One of the biggest aerospace companies, Airbus, has just unveiled commercial aircraft designs that could take to the skies by 2035 and would emit nothing!
The company took the veil off three futuristic designs of aircraft, that would run on hydrogen – a pioneering project in the sector, and might be in service in the next 15-years or so, the company said in a media release.
Per Airbus’ ambition to decarbonize the entire aerospace industry, the three concepts have been designed representing various ‘technology pathways’ and ‘aerodynamic configurations’ to achieve the zero-emission flight.
“This is a historic moment for the commercial aviation sector as a whole and we intend to play a leading role in the most important transition this industry has ever seen,” Airbus CEO Guillaume Faury said.
“The concepts we unveil today offer the world a glimpse of our ambition to drive a bold vision for the future of zero-emission flight,” he added.
“I strongly believe that the use of hydrogen – both in synthetic fuels and as a primary power source for commercial aircraft – has the potential to significantly reduce aviation’s climate impact.”
The emission of the aviation industry which Airbus is seeking to decarbonize with the hydrogen fuel centric design could certainly be a game-changer, should this plan manifest.
Ferrying 4.5 billion people (that is twice than India’s population) in 2019 alone, the aviation industry emitted 915 million tonnes of Co2, in one year. This is still just 2% of the human-induced carbon released in the air, according to Air Transport Action group (ATAG) data.
WWF says, if the aviation industry were a country, it would have been on the top 10 of the world’s most polluting nations. Speaking about carbon emission from all transport sources, the aviation industry contributes 12% of the same.
Airbus’ plans to ‘decarbonize’ the game essential relies on hydrogen as a fuel for its aircraft, which the company vouches to have ‘exceptional promise as clean aviation fuel.’
The three concept designs by the company has been commonly codenamed ‘ZEROe.’
The first ‘turbofan’ design could carry 100-200 passengers over 2,000+ nautical miles, Airbus says, and would run on a hydrogen-powered modified gas-turbine engine.
Concept 1 of the new commercial hydrogen-powered Airbus (Image courtesy of Airbus)
The second ‘turboprop’ design could carry up to 100 passengers and could fly up to 1,000 nautical miles, which Airbus says is perfect for short-haul flights.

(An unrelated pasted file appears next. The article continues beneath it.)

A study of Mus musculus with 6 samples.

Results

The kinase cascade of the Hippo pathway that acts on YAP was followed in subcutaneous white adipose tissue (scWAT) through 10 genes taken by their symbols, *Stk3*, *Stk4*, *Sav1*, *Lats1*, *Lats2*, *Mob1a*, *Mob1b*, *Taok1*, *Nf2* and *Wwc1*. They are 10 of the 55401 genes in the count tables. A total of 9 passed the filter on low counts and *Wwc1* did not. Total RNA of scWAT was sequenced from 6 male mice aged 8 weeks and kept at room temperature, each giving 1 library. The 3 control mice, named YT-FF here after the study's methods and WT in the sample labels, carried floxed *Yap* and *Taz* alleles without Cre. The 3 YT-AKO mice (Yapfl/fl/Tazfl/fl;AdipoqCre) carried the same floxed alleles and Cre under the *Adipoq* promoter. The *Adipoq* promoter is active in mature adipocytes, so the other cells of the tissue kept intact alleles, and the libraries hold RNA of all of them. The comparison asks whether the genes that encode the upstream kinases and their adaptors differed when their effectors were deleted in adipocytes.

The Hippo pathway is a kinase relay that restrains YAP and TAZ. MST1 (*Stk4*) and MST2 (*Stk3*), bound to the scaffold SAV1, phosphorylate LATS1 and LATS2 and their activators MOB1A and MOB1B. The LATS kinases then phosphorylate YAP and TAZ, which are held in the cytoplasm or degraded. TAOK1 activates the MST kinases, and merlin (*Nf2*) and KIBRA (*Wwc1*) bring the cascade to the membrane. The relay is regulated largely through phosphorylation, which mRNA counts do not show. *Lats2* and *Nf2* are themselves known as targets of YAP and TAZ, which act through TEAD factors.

Concept 2 of the new commercial hydrogen-powered Airbus (Image courtesy of Airbus)
The last, but certainly not the least, and perhaps the most interesting and oddly good-looking “blended-wing body” aircraft design could carry up to 200 passengers.
Concept 3 of the new commercial hydrogen-powered Airbus (Image courtesy of Airbus)
“These concepts will help us explore and mature the design and layout of the world’s first climate-neutral, zero-emission commercial aircraft, which we aim to put into service by 2035,” said Guillaume Faury.
But a transition to hydrogen-based fuel would not be as easy as switching diesel for petrol. “The transition to hydrogen, as the primary power source for these concept planes, will require decisive action from the entire aviation ecosystem,” Faury said.
Airport facilities must be well-equipped to meet the demands of liquid hydrogen transport for the day-to-day operations, Airbus says in the media release.
“Together with the support from government and industrial partners we can rise up to this challenge to scale-up renewable energy and hydrogen for the sustainable future of the aviation industry,” said the Airbus CEO.
While Airbus’ concept and ambition are commendable, more so at this time when the climate alarm is on, there are a few flying machines that are quite efficient than what they were in the 1960s.
In fact, jets in service today are 80% more fuel-efficient per seat kilometer than they were in the 1960s when the first jets arrived.
Models like the new Airbus A380 and A220, Embraer E2 aircraft and Boeing 787, ATR-600 burn less than 3 litres of jet fuel per 100 passenger kilometres. That is on-par with most modern compact cars, ATAG says.
Note: this post has been updated with more information.